Anita Mui's mother hurls shoes at lawyer
Unruly scenes in court as 88-year-old is told she cannot have cash from Anita Mui's trust
The mother of late Canto-pop diva Anita Mui Yim-fong threw objects at a lawyer yesterday after the court decided she could no longer receive HK$120,000 a month in living expenses from her daughter's trust.
Tam Mei-kam, 88, hurled a pink object, the cap of a thermal bottle and a pair of shoes at Kevin So, solicitor for HSBC International Trustee, the administrator of Mui's trust.
Although it appeared Tam did not use great force, all the objects hit So. She also swore at So, who moved from the lawyer's table to stand behind a court clerk.
Mr Justice Jeremy Poon Shiu-chor, in the Court of First Instance, was about to leave the court when Tam's antics began.
She had failed to persuade the court the payment should be resumed to support her everyday costs and medical expenses. She said the payment had been suspended since July and she was owed seven months' money.
Last year a judge said Tam, who had earlier been declared bankrupt, could keep the monthly allowance. But Poon ruled yesterday that Tam should not receive it because the trust, which owed HK$40 million, could not pay the debt.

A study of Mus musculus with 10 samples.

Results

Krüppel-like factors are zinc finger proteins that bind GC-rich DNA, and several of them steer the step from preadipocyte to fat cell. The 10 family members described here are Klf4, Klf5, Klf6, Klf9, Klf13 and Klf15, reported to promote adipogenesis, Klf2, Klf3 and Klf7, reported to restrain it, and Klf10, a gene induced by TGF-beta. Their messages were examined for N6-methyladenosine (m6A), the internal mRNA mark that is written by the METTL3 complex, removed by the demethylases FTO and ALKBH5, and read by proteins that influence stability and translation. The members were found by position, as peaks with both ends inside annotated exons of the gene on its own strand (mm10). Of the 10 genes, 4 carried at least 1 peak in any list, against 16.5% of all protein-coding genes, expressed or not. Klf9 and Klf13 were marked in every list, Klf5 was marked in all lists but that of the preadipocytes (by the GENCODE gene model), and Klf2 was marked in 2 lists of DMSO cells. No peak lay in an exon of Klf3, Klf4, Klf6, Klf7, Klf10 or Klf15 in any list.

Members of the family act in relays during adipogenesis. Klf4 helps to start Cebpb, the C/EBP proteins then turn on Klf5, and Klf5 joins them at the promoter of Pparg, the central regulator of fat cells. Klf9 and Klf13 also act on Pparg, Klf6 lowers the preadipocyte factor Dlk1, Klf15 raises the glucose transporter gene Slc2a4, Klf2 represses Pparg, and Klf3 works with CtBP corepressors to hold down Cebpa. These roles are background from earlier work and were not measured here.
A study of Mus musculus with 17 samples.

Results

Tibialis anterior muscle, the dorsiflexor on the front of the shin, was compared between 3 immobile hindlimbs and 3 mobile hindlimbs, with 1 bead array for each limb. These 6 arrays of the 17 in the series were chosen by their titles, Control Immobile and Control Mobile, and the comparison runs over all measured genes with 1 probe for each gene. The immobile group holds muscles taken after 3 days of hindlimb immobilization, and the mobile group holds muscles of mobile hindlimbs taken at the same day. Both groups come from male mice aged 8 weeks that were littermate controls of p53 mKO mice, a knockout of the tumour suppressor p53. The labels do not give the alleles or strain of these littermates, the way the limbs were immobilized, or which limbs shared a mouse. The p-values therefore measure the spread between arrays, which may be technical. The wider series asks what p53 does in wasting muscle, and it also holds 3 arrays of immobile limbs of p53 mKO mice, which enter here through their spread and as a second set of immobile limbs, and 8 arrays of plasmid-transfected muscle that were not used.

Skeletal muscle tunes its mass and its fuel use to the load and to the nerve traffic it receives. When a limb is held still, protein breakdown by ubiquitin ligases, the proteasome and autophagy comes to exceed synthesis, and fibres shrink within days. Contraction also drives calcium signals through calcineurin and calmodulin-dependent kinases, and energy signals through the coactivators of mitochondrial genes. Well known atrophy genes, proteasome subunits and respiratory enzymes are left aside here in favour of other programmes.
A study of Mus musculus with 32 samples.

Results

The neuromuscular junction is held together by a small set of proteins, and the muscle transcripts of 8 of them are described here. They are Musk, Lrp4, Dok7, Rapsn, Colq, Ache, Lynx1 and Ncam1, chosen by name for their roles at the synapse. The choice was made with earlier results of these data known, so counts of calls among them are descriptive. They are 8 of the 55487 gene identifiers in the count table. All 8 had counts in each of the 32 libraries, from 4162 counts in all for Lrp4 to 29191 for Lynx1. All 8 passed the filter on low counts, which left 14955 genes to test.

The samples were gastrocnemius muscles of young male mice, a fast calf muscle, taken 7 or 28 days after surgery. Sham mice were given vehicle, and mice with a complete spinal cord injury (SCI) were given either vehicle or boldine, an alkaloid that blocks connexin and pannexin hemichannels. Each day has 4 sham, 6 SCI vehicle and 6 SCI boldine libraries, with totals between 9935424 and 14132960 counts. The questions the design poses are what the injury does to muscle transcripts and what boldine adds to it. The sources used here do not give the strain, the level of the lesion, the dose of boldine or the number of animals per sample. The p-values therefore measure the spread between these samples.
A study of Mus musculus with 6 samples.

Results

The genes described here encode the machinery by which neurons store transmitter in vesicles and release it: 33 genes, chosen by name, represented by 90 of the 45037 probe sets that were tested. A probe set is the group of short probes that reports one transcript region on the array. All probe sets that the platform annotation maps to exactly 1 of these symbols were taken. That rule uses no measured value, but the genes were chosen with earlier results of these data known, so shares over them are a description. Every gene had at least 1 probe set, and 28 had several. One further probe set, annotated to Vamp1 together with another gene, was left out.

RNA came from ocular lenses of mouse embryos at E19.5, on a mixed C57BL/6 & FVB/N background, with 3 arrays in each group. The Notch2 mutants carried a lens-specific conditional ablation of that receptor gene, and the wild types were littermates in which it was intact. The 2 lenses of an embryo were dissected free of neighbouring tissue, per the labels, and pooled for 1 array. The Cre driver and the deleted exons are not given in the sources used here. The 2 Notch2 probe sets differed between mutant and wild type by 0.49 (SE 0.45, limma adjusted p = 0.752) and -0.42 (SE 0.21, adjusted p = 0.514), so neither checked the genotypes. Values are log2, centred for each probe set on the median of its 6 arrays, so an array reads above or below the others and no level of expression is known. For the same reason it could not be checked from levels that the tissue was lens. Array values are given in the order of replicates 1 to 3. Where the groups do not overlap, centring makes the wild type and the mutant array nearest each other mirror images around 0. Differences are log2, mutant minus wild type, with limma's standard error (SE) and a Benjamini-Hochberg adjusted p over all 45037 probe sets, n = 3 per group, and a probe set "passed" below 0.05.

The estate has been drained by steep administration costs, which five years ago were running at HK$300,000 a month.
Tam told Poon: "I am an old woman. It's [expletive] nasty of you to torture me by cutting my allowance. I will fight you with my old body."
She banged the table, leading the judge to ask her to calm down, saying he was worried about her health.
After Tam threw the shoes, her domestic helper retrieved them. She was warned by the court clerk to stop, but replied: "I will do this even if it means I will be arrested."
She was later taken away by her son, Peter Mui Kai-ming.
The court heard that the trust had recently sold a property for HK$8 million to raise funds to repay its debts.
Mui died of cervical cancer in December 2003 at the age of 40. Before her death, she made a will and set up the Karen Trust.
The will said Mui's assets of HK$100 million would go to the trust, which provided Tam with an allowance. The balance after Tam's death would go to the New Horizon Buddhist Association.
Tam challenged the validity of the will a few months later and has been in and out of court ever since. In May 2011, Mr Justice Patrick Chan Siu-oi said in the Court of Final Appeal that her case was "entirely without merit".